From exuding outward messaging of hope, the tone has changed for Macau’s gaming operators in recent months.
On Melco Resorts and Entertainment’s 4Q21 earnings call in early March, Chairman and CEO Lawrence Ho was under no illusions as to the challenges facing the concessionaires in 2022 as Macau awaits permission from mainland China to open up its borders.
Asked his thoughts on when China might green-light the resumption of group visas, group tours and eVisas – all seen as vital factors in boosting visitation to the SAR – Ho said, “I think the Chinese policy is going to be very conservative this year with regards to opening up its borders, and even recently we’ve seen how certain provinces view Macau as being so close to Hong Kong and therefore the COVID outbreak in Hong Kong somehow would affect Macau.
“Honestly, I don’t have a lot of hope that group tours or eVisas are going to be normalized before the Hong Kong-China corridor is open, [which will allow] the Hong Kong-Macau corridor to open [too].”
The change in tune is significant. As recently as December, local media was reporting that Beijing had given final approval for the mainland to drop its hard border with Hong Kong, opening the door for fully vaccinated Hong Kong residents to resume quarantine-free travel to Guangdong Province and Macau. Hong Kong had even launched its own health code system, designed to align with the health code tracking systems of Macau and the mainland.
This was significant, not only because visitors from Hong Kong have traditionally contributed between 10% and 15% of Macau’s GGR but also because allowing travel between the two SARs was seen as a major step towards a further easing of border restrictions between Macau and its main visitor source – mainland China.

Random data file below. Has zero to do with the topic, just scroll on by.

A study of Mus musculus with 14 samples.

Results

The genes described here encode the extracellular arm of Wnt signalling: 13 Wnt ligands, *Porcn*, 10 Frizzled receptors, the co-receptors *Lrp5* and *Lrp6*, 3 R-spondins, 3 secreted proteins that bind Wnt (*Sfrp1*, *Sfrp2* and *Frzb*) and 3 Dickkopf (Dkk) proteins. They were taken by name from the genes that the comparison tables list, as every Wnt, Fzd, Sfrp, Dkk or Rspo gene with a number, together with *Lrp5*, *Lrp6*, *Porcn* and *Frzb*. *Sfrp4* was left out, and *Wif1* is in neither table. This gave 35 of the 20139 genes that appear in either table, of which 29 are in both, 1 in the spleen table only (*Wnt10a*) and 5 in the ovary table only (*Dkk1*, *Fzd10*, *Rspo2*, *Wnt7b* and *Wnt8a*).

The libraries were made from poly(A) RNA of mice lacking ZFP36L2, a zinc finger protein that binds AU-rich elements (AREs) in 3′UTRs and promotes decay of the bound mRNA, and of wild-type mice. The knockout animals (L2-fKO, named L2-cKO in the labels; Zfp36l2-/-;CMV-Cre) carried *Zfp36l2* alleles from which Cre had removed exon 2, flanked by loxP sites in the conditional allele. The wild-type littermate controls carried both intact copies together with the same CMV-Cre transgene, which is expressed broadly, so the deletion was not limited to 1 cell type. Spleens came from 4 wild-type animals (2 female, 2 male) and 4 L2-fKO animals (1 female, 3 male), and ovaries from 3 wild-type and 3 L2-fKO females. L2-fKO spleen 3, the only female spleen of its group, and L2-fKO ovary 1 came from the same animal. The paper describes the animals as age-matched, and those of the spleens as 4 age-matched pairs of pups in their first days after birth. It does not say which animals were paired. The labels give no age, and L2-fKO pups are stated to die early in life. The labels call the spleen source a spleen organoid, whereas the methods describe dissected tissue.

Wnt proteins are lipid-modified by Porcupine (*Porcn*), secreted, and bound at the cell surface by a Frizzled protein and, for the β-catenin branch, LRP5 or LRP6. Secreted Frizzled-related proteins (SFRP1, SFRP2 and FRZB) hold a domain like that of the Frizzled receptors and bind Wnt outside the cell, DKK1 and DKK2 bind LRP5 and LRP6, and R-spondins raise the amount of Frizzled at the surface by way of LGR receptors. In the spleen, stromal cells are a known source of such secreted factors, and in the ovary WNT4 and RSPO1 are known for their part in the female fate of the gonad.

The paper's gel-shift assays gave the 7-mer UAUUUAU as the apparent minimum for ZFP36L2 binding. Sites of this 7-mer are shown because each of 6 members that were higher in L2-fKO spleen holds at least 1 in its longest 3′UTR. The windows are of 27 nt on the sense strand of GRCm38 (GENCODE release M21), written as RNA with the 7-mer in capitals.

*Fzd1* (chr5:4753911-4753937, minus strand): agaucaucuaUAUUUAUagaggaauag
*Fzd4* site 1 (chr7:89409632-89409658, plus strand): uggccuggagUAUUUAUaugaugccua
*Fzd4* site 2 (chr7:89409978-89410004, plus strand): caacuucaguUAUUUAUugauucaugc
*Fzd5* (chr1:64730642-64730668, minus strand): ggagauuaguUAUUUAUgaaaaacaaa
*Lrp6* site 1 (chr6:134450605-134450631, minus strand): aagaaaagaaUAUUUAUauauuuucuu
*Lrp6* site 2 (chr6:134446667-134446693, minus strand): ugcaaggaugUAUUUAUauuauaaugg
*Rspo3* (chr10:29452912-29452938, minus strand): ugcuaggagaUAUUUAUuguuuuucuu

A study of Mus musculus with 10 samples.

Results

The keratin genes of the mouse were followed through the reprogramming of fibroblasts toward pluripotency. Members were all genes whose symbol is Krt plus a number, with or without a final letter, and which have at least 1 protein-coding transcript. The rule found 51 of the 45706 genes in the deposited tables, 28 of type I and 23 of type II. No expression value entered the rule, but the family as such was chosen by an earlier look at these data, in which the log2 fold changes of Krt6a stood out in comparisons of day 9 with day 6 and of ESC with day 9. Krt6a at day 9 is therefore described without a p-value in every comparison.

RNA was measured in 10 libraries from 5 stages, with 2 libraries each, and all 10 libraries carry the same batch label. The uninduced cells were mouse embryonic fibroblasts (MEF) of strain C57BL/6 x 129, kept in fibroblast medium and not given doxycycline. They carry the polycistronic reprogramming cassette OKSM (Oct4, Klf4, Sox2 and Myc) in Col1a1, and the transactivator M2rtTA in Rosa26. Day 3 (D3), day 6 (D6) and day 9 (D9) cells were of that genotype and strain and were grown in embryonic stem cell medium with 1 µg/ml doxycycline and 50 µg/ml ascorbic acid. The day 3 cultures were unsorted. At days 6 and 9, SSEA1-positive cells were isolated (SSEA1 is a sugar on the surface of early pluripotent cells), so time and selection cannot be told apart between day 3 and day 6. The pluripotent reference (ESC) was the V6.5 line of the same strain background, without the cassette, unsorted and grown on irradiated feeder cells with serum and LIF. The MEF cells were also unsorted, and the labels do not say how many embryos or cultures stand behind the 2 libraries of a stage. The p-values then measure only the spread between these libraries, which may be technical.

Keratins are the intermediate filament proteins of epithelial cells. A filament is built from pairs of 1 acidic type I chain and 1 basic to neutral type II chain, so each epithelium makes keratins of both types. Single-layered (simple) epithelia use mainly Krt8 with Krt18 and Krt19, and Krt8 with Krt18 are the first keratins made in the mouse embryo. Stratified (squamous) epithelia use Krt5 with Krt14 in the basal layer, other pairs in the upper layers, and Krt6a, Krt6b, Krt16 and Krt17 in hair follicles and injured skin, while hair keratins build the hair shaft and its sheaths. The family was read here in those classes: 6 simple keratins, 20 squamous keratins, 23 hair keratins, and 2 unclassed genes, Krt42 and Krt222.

But an outbreak of COVID-19 in Hong Kong that has since seen cases soar above 50,000 per day has scuppered those plans, with China’s strict zero-COVID policy ensuring any plans of reopening are back to square one.
What does this mean? For one, it almost certainly gives President Xi Jinping even greater reason to stick with China’s current policy and resist calls to join the rest of the world in “learning to live with COVID”. This is doubly true because 2022 is a hugely important year for China. Aside from the recent Beijing Winter Olympics and annual “Two Sessions” meetings in March, this year will also be highlighted by the Hong Kong Chief Executive election on 8 May, the 25th anniversary of Hong Kong’s handover on 1 July and the 20th National Congress of the Chinese Communist Party, expected to be held sometime in the northern autumn.
It is impossible to imagine Beijing risking any of these major events by opening its doors to a virus that it has, for the most part, managed to keep at bay. Good news, I suppose, for China’s most vulnerable but not so good for Macau, because evidence suggests those borders will remain firmly sealed until 2023.